We wrapped up two Sundays ago the first section of chapter 4 on the theme of church unity. We now move into the subject of what constitutes Christian moral behavior. Look with me at the text, Ephesians 4:17-19.

Text

Now this I say and testify in the Lord, that you must no longer walk as the Gentiles do, in the futility of their minds. 18 They are darkened in their understanding, alienated from the life of God because of the ignorance that is in them, due to their hardness of heart. 19 They have become callous and have given themselves up to sensuality, greedy to practice every kind of impurity.

The first phrase – Now this I say and testify in the Lord – indicates a new subject. Paul is now moving toward another focus, which is important to him. To “testify in the Lord” is a solemn declaration.

So what is weighing on Paul’s mind? It is that walk which he first spoke of in verse 1: “you must no longer walk as the Gentiles do.” In verse 1, the walk involved the manner in which Christians are to build up one another as the body of Christ. Here the walk is presented as a contrast to the believers’ former way of life. That is what is meant by “Gentiles” in this instance. Jonny McGreevy will tell us that there are two kinds of people in the world: those who are Irish and those who wish they were. Scripture actually had a neat division as well up until Christ’s coming: those who were Jewish, belonging to the covenant people of God, and those who were not, i.e. Gentiles.

Look at Paul’s description of the Gentiles back to 2:11-12:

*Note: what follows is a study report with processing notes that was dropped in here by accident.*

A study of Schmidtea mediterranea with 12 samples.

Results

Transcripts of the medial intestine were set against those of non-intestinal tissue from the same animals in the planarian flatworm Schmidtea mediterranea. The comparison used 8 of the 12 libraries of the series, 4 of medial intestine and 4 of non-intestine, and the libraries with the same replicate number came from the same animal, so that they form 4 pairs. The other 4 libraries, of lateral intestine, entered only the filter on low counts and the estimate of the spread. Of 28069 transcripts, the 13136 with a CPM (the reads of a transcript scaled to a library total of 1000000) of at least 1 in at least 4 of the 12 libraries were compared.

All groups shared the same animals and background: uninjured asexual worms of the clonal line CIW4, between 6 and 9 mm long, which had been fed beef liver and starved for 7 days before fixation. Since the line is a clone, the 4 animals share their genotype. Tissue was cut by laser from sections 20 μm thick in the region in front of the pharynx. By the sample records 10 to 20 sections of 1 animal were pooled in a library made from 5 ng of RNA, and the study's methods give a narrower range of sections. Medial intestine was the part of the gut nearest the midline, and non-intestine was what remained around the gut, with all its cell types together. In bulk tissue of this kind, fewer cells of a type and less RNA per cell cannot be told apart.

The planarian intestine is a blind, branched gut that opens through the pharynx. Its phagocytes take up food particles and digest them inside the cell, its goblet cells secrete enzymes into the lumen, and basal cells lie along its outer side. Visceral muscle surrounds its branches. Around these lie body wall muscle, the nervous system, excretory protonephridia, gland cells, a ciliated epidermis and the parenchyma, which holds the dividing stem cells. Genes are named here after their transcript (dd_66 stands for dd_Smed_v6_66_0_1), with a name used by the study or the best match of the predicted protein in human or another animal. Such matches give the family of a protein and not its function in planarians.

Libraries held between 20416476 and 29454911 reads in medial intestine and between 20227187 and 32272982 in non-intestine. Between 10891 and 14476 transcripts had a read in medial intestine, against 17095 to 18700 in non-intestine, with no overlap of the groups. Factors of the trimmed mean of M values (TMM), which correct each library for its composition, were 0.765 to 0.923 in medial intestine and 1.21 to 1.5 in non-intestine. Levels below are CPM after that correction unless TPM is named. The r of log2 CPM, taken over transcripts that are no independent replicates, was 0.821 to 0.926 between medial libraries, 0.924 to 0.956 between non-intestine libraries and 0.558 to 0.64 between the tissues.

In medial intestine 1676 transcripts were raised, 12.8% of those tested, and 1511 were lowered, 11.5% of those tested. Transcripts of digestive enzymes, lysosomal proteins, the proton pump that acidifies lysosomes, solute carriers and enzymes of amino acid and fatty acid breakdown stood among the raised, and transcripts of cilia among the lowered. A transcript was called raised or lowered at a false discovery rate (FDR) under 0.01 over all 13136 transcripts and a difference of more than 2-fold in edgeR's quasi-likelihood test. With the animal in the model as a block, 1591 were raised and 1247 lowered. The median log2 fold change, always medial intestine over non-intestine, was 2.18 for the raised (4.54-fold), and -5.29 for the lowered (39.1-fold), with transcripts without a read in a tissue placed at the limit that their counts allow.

Therefore remember that at one time you Gentiles in the flesh, called “the uncircumcision” by what is called the circumcision, which is made in the flesh by hands— 12 remember that you were at that time separated from Christ, alienated from the commonwealth of Israel and strangers to the covenants of promise, having no hope and without God in the world.

It was Paul’s special commission by Christ to take the gospel to the Gentiles that such a distinction might no longer exist, that instead of birth heritage being the dividing point, it would be the rebirth that takes place in the follower of Christ. Nevertheless, Paul is taking that term “Gentile” and using it to depict the old life, the old self that characterized the life of the believers before they knew Christ.

The rest of the text is a description of that life. The Gentiles “walk…in the futility of their minds.” “Futility” is the same word translated “vanity” in Ecclesiastes. That vain life in which the Teacher claim all that we do is ultimately meaningless – that is the life of the Gentiles.

Why do the Gentiles walk along a path of meaningless existence? The next phrase tells us: “They are darkened in their understanding.” They cannot see their way clearly as to what life really is about. Why can’t they see their way clearly? They are “alienated from the life of God.” If the Spirit of God is not in them; if the Spirit is not working within them, they cannot understand spiritual truth. Why then don’t they turn to God for enlightenment? “Because of the ignorance that is in them.” They don’t turn to God because they are ignorant of him. “But,” we say, “they don’t have to be ignorant. Surely they have heard of God; even without Scripture, they can see the creation about them and reason that there is a Creator.” That’s a start. If they would consider how there could be a moral law, that would lead them to reason. Maybe if…but the real problem is not lack of opportunity to learn. The Gentiles’ ignorance is “due to their hardness of heart.”